We're lucky to be able to indulge in Irish cheese, which is easily some of the best in the world, thanks to the amazing dairy farmers and cheesemakers scattered across the country.
The Irish dairy industry processes over 7.5 billion litres of milk, across 30 sites and is supplied by 18,000 family farms, many of whom are owners of the primary business. Irish dairy companies have invested hundreds of millions towards creating a sustainable, grass-based dairy system, which has resulted in over €4 billion worth of exports in dairy products, ingredients and nutritional products every year. Irish dairy is exported to more than 150 markets around the world with international markets beyond the EU becoming increasingly important.
This is where the National Dairy Council, Ireland's cheesemakers and dairy farmers come in.
The NDC promotes the excellence of dairy producers while championing the role of quality dairy and its benefits in Ireland and abroad. Speaking at the 2019 NDC and Kerrygold Quality Milk Awards earlier this year, Zoe Kavanagh, CEO of the National Dairy Council said, “The landscape that we’re living in is changing. Now more than ever consumers are demanding natural sustainably produced food – transparency, authenticity, taking responsibility for your health and keeping it real are now more important than ever.”
The European Milk Forum (EMF) recently released the results of a survey that was conducted over three years and included data from 2,000 Irish consumers, as well as 2,000 consumers in Belgium, Denmark, France, and the Netherlands. The results of the survey were very telling, revealing that nine out of 10 Irish consumers believe that Ireland is worthy of its world-renowned reputation for producing high-quality dairy products. Furthermore, nearly 83 per cent of consumers surveyed believe that Irish dairy is produced authentically and sustainably.
Irish cheese is so well-regarded because of the amazing milk it is made from, all of which is thanks to Irish dairy farmers. "The quality of the milk is of huge importance," said Kevin Sheridan of Sheridan's Cheesemongers. "Cheese in its essence is a means of preserving milk, it is milk in solid form and so if the milk is bad so will the cheese be."
Irish cheesemaking has only recently come into its own, according to Kevin, who says that the nation abandoned the process for a long time
"Up until the 1970s, there was very little cheese being made on Irish farms, especially when compared with the fact that several hundred years ago there was a genuine indigenous cheese producing culture in Ireland.
In the mid-seventies, several people began making cheese on their farms, particularly in West Cork. Milleen and Coolea were the first, followed by others such as Durrus and Gubbeen. By the mid-eighties, there were several families making cheese on their farms.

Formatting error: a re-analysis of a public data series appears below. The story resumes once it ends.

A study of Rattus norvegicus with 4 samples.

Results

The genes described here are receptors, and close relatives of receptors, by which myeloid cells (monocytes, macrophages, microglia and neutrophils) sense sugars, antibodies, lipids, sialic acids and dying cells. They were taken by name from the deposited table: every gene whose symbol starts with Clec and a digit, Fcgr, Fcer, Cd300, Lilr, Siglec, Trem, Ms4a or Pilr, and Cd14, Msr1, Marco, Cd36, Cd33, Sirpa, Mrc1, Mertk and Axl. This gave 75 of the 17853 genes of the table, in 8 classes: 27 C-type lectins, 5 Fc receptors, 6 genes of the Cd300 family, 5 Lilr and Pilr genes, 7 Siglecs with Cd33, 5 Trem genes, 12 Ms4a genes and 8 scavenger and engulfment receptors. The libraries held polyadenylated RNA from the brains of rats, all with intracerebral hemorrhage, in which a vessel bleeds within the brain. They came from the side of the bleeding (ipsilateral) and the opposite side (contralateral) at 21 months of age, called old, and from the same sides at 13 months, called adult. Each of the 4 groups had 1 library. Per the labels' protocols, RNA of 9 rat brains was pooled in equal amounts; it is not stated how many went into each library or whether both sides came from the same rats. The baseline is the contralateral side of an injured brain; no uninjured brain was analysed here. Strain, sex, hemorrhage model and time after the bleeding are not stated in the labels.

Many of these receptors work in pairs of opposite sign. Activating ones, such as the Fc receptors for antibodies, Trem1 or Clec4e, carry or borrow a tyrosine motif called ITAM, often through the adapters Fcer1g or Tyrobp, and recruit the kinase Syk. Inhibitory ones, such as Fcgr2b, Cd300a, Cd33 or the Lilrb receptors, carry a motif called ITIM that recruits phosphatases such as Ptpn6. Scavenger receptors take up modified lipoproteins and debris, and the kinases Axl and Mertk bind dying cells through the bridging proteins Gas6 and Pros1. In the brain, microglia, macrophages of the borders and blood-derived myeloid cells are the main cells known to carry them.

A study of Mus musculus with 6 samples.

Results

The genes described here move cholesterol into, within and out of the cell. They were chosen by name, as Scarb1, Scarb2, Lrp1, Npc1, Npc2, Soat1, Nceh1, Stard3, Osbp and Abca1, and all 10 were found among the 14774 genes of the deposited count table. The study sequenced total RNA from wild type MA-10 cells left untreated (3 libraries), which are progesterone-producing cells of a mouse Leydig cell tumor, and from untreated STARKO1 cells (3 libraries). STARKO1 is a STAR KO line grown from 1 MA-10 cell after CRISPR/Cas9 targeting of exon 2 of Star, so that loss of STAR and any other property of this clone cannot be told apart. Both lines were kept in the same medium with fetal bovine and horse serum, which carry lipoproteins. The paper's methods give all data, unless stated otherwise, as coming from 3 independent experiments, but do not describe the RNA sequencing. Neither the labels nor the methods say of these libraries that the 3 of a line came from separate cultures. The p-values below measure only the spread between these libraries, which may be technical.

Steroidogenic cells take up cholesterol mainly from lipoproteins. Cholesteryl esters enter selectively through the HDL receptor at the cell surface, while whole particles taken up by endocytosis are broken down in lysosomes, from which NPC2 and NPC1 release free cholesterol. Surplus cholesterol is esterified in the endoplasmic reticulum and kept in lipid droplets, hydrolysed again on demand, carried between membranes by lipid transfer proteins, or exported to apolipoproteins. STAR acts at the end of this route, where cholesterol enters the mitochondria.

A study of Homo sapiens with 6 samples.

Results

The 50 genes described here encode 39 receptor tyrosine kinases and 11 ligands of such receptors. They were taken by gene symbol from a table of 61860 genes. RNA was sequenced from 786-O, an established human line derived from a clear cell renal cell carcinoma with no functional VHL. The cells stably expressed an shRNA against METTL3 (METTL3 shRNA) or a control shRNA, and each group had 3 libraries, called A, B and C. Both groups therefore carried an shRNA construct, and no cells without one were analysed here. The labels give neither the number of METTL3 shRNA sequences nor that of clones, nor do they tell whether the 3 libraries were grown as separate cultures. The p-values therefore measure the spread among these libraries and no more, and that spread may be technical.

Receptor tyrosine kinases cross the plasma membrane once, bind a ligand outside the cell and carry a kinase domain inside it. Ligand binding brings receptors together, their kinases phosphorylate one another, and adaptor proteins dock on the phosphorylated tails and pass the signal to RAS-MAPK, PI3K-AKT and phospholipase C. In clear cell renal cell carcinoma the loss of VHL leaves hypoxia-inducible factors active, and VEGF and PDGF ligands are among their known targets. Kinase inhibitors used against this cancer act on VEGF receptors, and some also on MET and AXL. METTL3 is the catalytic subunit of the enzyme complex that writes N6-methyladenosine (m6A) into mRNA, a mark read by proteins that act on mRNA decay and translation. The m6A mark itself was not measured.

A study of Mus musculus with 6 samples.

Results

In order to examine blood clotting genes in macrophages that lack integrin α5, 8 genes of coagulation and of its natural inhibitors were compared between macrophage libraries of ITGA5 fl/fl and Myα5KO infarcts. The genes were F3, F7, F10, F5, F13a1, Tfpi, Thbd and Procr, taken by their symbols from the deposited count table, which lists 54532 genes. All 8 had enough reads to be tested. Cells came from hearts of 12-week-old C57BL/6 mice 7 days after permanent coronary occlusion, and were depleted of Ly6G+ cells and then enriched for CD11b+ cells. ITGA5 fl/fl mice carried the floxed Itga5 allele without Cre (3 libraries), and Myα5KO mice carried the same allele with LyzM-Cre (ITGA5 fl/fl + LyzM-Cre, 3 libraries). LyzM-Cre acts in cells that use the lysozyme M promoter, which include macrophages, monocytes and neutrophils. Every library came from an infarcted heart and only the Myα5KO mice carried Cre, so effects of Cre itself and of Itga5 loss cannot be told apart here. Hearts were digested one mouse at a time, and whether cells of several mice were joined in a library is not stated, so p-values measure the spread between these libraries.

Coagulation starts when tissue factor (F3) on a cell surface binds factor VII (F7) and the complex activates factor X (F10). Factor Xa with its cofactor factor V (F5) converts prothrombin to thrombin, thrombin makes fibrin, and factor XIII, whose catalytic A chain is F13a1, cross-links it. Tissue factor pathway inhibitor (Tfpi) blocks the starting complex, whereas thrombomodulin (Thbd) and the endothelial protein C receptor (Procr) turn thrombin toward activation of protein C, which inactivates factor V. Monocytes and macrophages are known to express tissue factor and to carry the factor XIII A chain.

Without a pre-existing cheese culture, as is the case in other European countries, each cheesemaker innovated and took inspiration from traditional European cheeses. These cheeses evolved and became fully unique. Forty years on, there is a thriving farmhouse cheese culture in Ireland that continues to grow each year."
The Cheesemaking Process
Cheesemaking is a relatively straightforward six-step process, which goes as follows: The animal (goat, cow etc.) is milked. The quality of the milk depends on various factors, such as diet and climate. The milk is then poured into a vat, to which the cheesemaker adds a culture, followed by rennet, to change the state of the milk into curds and whey.
The curd and whey are separated and the curd is then cut, which creates a drier cheese. Soft cheeses may not be cut at all. The curds are then placed into cheese moulds, which are turned to shape the cheese. If a hard cheese is being made, the cheese is pressed to squeeze out more whey, creating a drier product. When the cheese is nearly done, it is salted – either by rubbing salt into the brine or by bathing the cheese in brine. The last step to create a quality cheese is placing it in a cellar where it is left to ripen; nearly all cheeses require ripening time, ranging from a few days to a few years, before being sold/used.
According to Kevin, Irish cheesemakers like to keep their process as local as possible:
"Irish farmhouse cheesemakers either use the milk from their own farms or from a small number of neighbouring farms. The quality of the milk in terms of physical quality is very important, but you have to think in terms of terroir. The landscape where the animals graze is translated through the milk and helps to form the final cheese. This is one aspect of the terroir of cheese. There is also the microbiological terroir where the cheese is made and matured. This also has a huge influence on the final cheese."
This article is brought to you by the #CheeseYourWay campaign launched earlier this year by the National Dairy Council in partnership with the European Milk Forum. Cheese Your Way is an EU-funded, multi-country campaign that aims to encourage people to cook with, eat and learn more about a diverse range of European cheeses.
NDC is passionate about quality dairy and promoting its nutritional benefits, so they were the perfect partner for our upcoming cheesy events. If you want to find out more about this EU campaign, called Cheese Your Way, click here.